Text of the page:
Here at New Pulp Tales, we’re going to be launching a new series of articles where we spotlight new or classic Pulp Tales. This is a fun way to give back and connect with the
Here at New Pulp Tales, we’re going to be launching a new series of articles where we spotlight new or classic Pulp Tales. This is a fun way to give back and connect with the series, characters, and writers who inspired this site.
For the first article, I’m going to be discussing Jason Aaron’s new Conan the Barbarian comic books with Marvel. From 1970 to 1993 Marvel previously published 275 issues of Robert E. Howard’s classic Sword and Sorcery hero. Now they’ve reacquired the rights to tell serialized tales about everyone’s favorite Cimmerian, and they couldn’t have started with a better first two issues.
The entire creative team deserves high praise. Artist Mahmud Asrar details the Hyperborean age in a style perfect for the setting, while colorist Matthew Wilson and letterer VC’s Travis Lanham add their talent to round out this heart-pounding adventure comics. That’s not to mention the various cover artists and sampled artists in the opening of Conan issue one, where the creative team put a collage of classic Conan stories from Marvel’s original run.
Now that the creative team praise has been doled out it’s time to discuss Aaron’s plot. I found it very clever. By Crom, beware of minor spoilers ahead. There is a framing narrative concerning a character called the Crimson Witch who is seeking to sacrifice Conan to resurrect her evil god. The reason she wants Conan is because every time he’s survived a battle, it’s made his blood more magically potent. Thus, every story told within the framing narrative connects to the frame because anytime Conan’s survived a great battle, he becomes more useful to the witch. Additionally, the story starts in the future with King Conan, ruler of Aquilonia, so the framing narrative works two ways as we also get fun glimpses into Conan’s past which led him to be King. It’s terrific stuff, and you can tell Aaron is a huge fan of the source material.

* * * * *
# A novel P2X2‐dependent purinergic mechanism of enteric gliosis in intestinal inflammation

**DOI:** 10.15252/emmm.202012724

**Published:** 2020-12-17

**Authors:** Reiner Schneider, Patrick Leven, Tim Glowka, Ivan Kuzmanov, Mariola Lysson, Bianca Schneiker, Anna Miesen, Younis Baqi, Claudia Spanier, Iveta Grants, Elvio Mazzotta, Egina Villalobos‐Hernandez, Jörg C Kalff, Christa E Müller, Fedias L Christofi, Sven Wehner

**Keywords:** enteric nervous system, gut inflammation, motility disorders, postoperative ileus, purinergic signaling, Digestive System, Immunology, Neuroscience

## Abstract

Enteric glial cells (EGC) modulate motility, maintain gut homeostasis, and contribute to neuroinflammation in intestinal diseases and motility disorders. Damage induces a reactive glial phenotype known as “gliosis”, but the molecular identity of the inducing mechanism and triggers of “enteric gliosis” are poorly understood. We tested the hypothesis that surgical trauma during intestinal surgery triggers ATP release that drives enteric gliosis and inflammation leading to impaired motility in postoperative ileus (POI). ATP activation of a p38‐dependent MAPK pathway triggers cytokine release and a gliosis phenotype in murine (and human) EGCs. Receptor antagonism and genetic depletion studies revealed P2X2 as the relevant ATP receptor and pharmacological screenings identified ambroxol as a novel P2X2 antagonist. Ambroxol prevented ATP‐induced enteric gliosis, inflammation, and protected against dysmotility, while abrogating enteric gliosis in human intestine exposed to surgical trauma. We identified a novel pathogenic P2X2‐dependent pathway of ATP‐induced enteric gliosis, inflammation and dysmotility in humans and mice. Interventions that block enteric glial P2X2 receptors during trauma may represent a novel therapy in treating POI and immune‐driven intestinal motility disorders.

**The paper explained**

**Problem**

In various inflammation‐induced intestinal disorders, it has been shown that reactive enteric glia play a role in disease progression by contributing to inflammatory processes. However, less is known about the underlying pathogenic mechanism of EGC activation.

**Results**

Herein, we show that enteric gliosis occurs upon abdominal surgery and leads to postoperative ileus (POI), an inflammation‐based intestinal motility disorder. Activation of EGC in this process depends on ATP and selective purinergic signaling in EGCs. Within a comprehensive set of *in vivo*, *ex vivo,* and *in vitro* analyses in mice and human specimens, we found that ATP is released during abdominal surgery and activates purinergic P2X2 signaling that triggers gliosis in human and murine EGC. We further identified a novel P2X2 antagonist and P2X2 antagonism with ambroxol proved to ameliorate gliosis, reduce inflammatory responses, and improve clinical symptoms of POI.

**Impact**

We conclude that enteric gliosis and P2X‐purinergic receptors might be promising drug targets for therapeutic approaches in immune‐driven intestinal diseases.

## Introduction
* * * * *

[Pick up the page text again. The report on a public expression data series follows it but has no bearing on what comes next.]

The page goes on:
On top of that, Marvel includes a serialized prose tale called Black Starlight by John C. Hocking in the first twelve issues. It’s a great bonus to the comic, and the story has been intriguing so far. It’s much more of a classic Conan tale as there is no framing narrative and it’s just a look at a fun adventure Conan’s had, but it deepens the mythology of the character for readers who may not be as familiar with the sword-slinging panther of a man.
Again, I must reiterate just how much love has been put into these first two issues. The quality is fantastic, and readers have responded. Every issue has sold out at my local comic store, Comix Connection in Mechanicsburg, PA. Based on Comic Book Resources sales breakdown, it looks Conan was the second highest selling comic of January. Maybe the popularity of Game of Thrones has contributed to this title’s early success, or maybe people were just hungry for a change from the usual superhero fare, but either way, it’s fun seeing it be so successful.
If you like comic books and pulp, you should check this series out.
If you like Conan, you should also check out Imaginary World’s new podcast about Robert E. Howard.